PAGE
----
The small business ombudsman has called the ACCC’s decision to allow Woolworths to acquire a majority stake in the wholesale food distributor PFD Food Services “disappointing”.
Australian Small Business and Family Enterprise Ombudsman Bruce Billson said the competition regulator’s support for Woolworth’s proposed acquisition of 65% of shares in PFD would undermine competition in the food and grocery sector.
“The ACCC’s decision not to intervene or impose any conditions on Woolworths’ proposed acquisition of a majority stake in PFD is disappointing,” Billson said in a statement on Thursday.
Billson said food and grocery suppliers are concerned that the deal will limit the opportunities they have to sell their products across Australia.
“Small and family business food and grocery suppliers will understandably feel one of the truly open doors for their products closed a little today,” he said.
PFD is a wholesale distributor that buys food products from suppliers and distributes them to restaurants, cafes, hotels and convenience stores. It has a 15% market share of the wholesale food distribution segment. Woolworths, on the other hand, mainly distributes products for direct retail sale.
Woolworths announced its plans to acquire the majority stake in PFD mid-last year, which was subject to ACCC approval.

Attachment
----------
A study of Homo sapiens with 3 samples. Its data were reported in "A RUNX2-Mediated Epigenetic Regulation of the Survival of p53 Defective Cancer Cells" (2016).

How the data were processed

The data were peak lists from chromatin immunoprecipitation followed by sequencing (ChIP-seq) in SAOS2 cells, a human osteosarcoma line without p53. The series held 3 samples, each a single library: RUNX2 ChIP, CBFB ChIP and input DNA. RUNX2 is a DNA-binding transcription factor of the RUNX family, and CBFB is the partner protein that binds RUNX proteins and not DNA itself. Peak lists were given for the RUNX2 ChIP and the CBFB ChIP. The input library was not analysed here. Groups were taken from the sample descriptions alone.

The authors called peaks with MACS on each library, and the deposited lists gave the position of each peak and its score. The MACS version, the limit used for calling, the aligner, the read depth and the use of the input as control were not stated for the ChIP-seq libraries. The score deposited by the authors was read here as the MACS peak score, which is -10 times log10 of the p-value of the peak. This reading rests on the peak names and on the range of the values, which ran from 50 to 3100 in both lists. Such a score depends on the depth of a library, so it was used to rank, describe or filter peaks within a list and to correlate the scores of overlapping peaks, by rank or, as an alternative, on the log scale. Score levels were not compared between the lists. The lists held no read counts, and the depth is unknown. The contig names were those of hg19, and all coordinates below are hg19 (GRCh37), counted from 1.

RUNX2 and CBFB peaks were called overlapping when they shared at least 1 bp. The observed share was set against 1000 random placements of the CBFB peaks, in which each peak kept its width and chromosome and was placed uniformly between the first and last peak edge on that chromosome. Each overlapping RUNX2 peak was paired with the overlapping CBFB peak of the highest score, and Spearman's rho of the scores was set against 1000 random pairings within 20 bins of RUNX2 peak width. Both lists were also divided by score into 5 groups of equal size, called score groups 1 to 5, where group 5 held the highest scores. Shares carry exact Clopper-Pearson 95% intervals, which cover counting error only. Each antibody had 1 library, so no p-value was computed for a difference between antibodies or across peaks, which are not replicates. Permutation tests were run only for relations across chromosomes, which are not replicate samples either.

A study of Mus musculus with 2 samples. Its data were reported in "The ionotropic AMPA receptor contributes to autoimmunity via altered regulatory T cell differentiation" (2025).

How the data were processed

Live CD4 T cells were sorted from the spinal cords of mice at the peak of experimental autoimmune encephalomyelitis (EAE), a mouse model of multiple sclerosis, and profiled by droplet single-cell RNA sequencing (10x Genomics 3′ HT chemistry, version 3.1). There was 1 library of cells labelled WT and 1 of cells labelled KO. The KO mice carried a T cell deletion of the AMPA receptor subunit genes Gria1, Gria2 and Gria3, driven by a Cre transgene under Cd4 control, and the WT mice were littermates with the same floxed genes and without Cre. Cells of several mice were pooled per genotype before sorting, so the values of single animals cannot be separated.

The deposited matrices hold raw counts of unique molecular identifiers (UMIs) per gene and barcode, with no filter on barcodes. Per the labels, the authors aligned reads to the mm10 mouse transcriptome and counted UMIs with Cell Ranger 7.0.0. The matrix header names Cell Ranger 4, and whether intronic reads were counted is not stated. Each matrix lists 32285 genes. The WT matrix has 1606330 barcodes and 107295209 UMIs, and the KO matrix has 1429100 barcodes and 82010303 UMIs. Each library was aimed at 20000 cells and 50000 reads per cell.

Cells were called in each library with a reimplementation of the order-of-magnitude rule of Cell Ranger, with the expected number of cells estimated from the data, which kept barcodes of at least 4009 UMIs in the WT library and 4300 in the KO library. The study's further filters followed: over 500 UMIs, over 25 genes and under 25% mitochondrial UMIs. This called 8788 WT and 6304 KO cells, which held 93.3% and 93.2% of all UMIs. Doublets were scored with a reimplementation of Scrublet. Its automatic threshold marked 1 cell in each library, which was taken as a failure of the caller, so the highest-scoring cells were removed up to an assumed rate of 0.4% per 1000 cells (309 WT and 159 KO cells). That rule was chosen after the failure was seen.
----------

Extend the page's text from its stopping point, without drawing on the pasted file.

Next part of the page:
The ACCC’s merger review, which involved an industry-wide analysis of supplier and competitor data, found that despite the concern of PFD’s competitors, the deal would not greatly lessen competition.
Other players in wholesale food distribution were concerned Woolworths would aggressively expand and leverage its buyer power in supermarkets into food distribution, including through selling private-label products through PFD, the ACCC found.
While the competition regular admitted Woolworths will be “a strong competitor” in food distribution and could even try to expand PFD’s share of the wholesale segment by bringing down prices, there weren’t strong enough grounds to block the deal.
“The ACCC acknowledges that the acquisition will likely lead to changes in the way the wholesale food distribution industry operates,” ACCC chair Rod Sims said in a statement.
“Despite these potential changes, we concluded that there are several competitors in the wholesale segment with similar market share to PFD,” Sims said.
“Consequently, there is not likely to be a substantial lessening of competition.”
The ACCC’s decision comes after five business groups representing convenience stores, as well as food and grocery businesses put forward a letter to the regulator in January.
The Council for Small Business Organisations Australia (COSBOA), the Australasian Convenience and Petroleum Marketers Association (ACAPMA) and Master Grocers Association (MGA), who signed on to the letter, wrote that the acquisition would have a “significant adverse impact on businesses in the Australian food supply chain”.
Woolworths is Australia’s largest food and grocery distributor in the $12 billion sector, while PFD is the second-largest wholesale food distributor.